How one can say that GPS Position is Good/Bad during rum-time without visualizing on Map ?

Discussion in 'GPS Technical Discussion' started by Ashes, Oct 21, 2017.

  1. Ashes

    Ashes

    Joined:
    Feb 3, 2017
    Messages:
    1
    Likes Received:
    0
    Hello Everyone ,

    I am working on development of Automotive Dead Reckoning (ADR)

    I am using low cost GPS Receiver + Vehicle Motion Data ---> as inputs to the ADR System. The System has got the Vehicle Model , Adaptive Filters which does estimates the Lat-Longs based on previous state.

    The Flag which drives the ADR System Filters , we call it as a confidence flag ... The confidence flag is a function of {No of Satellites Used , Positional Accuracy , Running Standard Deviation , HDOP , VDOP ,CEP} --all from GPS NMEA Data and the Distance between the Vehicle Dynamics Prediction outputs and GPS outputs..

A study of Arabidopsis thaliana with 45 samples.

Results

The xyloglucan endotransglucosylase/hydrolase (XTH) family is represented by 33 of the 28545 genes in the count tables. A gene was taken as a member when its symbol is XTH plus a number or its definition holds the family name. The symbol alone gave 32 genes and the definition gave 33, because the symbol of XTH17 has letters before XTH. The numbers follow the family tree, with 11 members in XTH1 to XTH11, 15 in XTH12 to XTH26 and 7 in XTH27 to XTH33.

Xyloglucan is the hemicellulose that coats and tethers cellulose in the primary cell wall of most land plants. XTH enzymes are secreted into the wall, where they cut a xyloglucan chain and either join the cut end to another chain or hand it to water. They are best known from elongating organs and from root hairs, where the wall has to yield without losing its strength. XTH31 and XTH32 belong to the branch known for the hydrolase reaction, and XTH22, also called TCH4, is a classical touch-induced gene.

This confidence flag helps me in switching between GPS Lat-Longs and Predicted Lat-Longs.

    Does anyone suggest any other parameters through which I can know if the Lat-Longs coming via GPS Receiver are bad ???

    To the point , How can anyone say if the GPS Positions outputted by the receiver are good /bad ?? What can be the parameters in Run-time that Once can say its a BAD GPS Postions and I cannot Trust it anymore.
    As far as I know , if its going through a tunnel or in a bad weather or in Downtowns (urban cnayons) , it loses accuracy and starts giving wrong positions
    I am open for a discussion on personal email too . :D :D
    let me know if you have questions.
     
    Ashes, Oct 21, 2017
    #1
    1. Advertisements

  2. Ashes

    Nuvi-Nebie Moderator

    Joined:
    Aug 16, 2015
    Messages:
    814
    Likes Received:
    72
    Location:
    UK
    If your confidence flag using HDOP etc. is not accurate enought, I think you need external data from DGPS or an inherently more accurate GPS using say L1 + L2/L5
     
    Nuvi-Nebie, Oct 22, 2017
    #2
    1. Advertisements

Ask a Question

Want to reply to this thread or ask your own question?

You'll need to choose a username for the site, which only take a couple of moments (here). After that, you can post your question and our members will help you out.